CHAPTER II. REVOLUTION.
South America, of all lands, has been most torn asunder by war. Revolutions may be numbered by hundreds, and the slaughter has been incredible. Even since the opening of the year 1900, thirty thousand Colombians have been slain and there have been dozens of revolutions. Darwin relates the fact that in 1832 Argentina underwent fifteen changes of government in nine months, owing to internal strife, and since then Argentina has had its full share.
During my residence in Buenos Ayres there occurred one of those disastrous revolutions which have from time to time shaken the whole Republic. The President, Don Juarez Celman, had long been unpopular, and, the mass of the people being against him, as well as nearly half of the standing army, and all the fleet then anchored in the river, the time was considered ripe to strike a blow.
On the morning of July 26, 1890, the sun rose upon thousands of stern-looking men bivouacking in the streets and public squares of the city. The revolution had commenced, and was led by one of the most distinguished Argentine citizens, General Joseph Mary Campos. The battle-cry of these men was "Sangre! Sangre!" [Footnote: "Blood! Blood!"] The war fiend stalked forth. Trenches were dug in the streets. Guns were placed at every point of vantage. Men mounted their steeds with a careless laugh, while the rising sun shone on their burnished arms, so soon to be stained with blood. Battalions of men marched up and down the streets to the sound of martial music, and the low, flat-roofed housetops were quickly filled with sharpshooters.
The Government House and residence of the President was guarded in all directions by the 2nd Battalion of the Line, the firemen and a detachment of police, but on the river side were four gunboats of the revolutionary party.
The average South American is a man of quick impulses and little thought. The first shot fired by the Government troops was the signal for a fusilade that literally shook the city. Rifle shots cracked, big guns roared, and shells screaming overhead descended in all directions, carrying death and destruction. Street-cars, wagons and cabs were overturned to form barricades. In the narrow, straight streets the carnage was fearful, and blood soon trickled down the watercourses and dyed the pavements. That morning the sun had risen for the last time upon six hundred strong men; it set upon their mangled remains. Six hundred souls! The Argentine soldier knows little of the science of "hide and seek" warfare. When he goes forth to battle, it is to fight - or die. Of the future life he unfortunately thinks little, and of Christ, the world's Redeemer, he seldom or never hears. The Roman Catholic chaplain mumbles a few Latin prayers to them at times, but as the knowledge of these resos does not seem to improve the priest's life, the men prefer to remain in ignorance.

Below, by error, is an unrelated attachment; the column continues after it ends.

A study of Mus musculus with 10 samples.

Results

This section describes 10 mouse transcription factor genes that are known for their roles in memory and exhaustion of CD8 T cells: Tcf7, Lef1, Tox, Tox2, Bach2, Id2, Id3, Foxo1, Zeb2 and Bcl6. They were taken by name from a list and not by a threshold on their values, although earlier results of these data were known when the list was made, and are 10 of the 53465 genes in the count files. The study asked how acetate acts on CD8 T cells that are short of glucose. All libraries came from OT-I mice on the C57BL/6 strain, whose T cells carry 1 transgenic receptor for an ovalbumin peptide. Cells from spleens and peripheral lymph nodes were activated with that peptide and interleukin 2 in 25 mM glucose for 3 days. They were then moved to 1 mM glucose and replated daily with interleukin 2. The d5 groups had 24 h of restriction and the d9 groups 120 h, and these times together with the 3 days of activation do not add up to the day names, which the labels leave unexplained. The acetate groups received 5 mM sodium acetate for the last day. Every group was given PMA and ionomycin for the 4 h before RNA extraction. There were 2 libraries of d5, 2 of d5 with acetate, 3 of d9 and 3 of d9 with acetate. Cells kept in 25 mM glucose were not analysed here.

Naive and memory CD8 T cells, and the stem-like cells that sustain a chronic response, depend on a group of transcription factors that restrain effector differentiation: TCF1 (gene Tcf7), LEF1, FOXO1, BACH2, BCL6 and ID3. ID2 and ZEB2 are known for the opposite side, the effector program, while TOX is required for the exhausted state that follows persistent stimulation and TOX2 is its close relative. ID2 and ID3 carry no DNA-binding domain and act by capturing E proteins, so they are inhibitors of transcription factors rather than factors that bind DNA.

The average Argentine soldier is a man of little intelligence. The regiments are composed of Patagonian Indians or semi-civilized Guaranis, mixed with all classes of criminals from the state prisons. Nature has imprinted upon them the unmistakable marks of the savage - sullen, stupid ferocity, indifference to pain, bestial instincts. As for his fighting qualities, they more resemble those of the tiger than of the cool, brave and trained soldier. When his blood is roused, fighting is with him a matter of blind and indiscriminate carnage of friend or foe. A more villainous-looking horde it would be difficult to find in any army. The splendid accoutrements of the generals and superior officers, and the glittering equipments of their chargers, offer a vivid contrast to the mean and dirty uniforms of the troops.
During the day the whole territory of the Republic was declared to be in a state of siege. Business was at a complete standstill. The stores were all closed, and many of them fortified with the first means that came to hand. Mattresses, doors, furniture, everything was requisitioned, and the greatest excitement prevailed in commercial circles generally. All the gun-makers' shops had soon been cleared of their contents, which were in the hands of the adherents of the revolution.
That evening the news of the insurrection was flashed by "Reuter's" to all parts of the civilized world. The following appeared in one of the largest British dailies:
"BUENOS AYRES, July 27, 5.40 p.m.
"The fighting in the streets between the Government troops and the insurgents has been of the most desperate character.
"The forces of the Government have been defeated.
"The losses in killed and wounded are estimated at 1,000.
"The fleet is in favor of the Revolutionists.
"Government house and the barracks occupied by the Government troops have been bombarded by the insurgent artillery."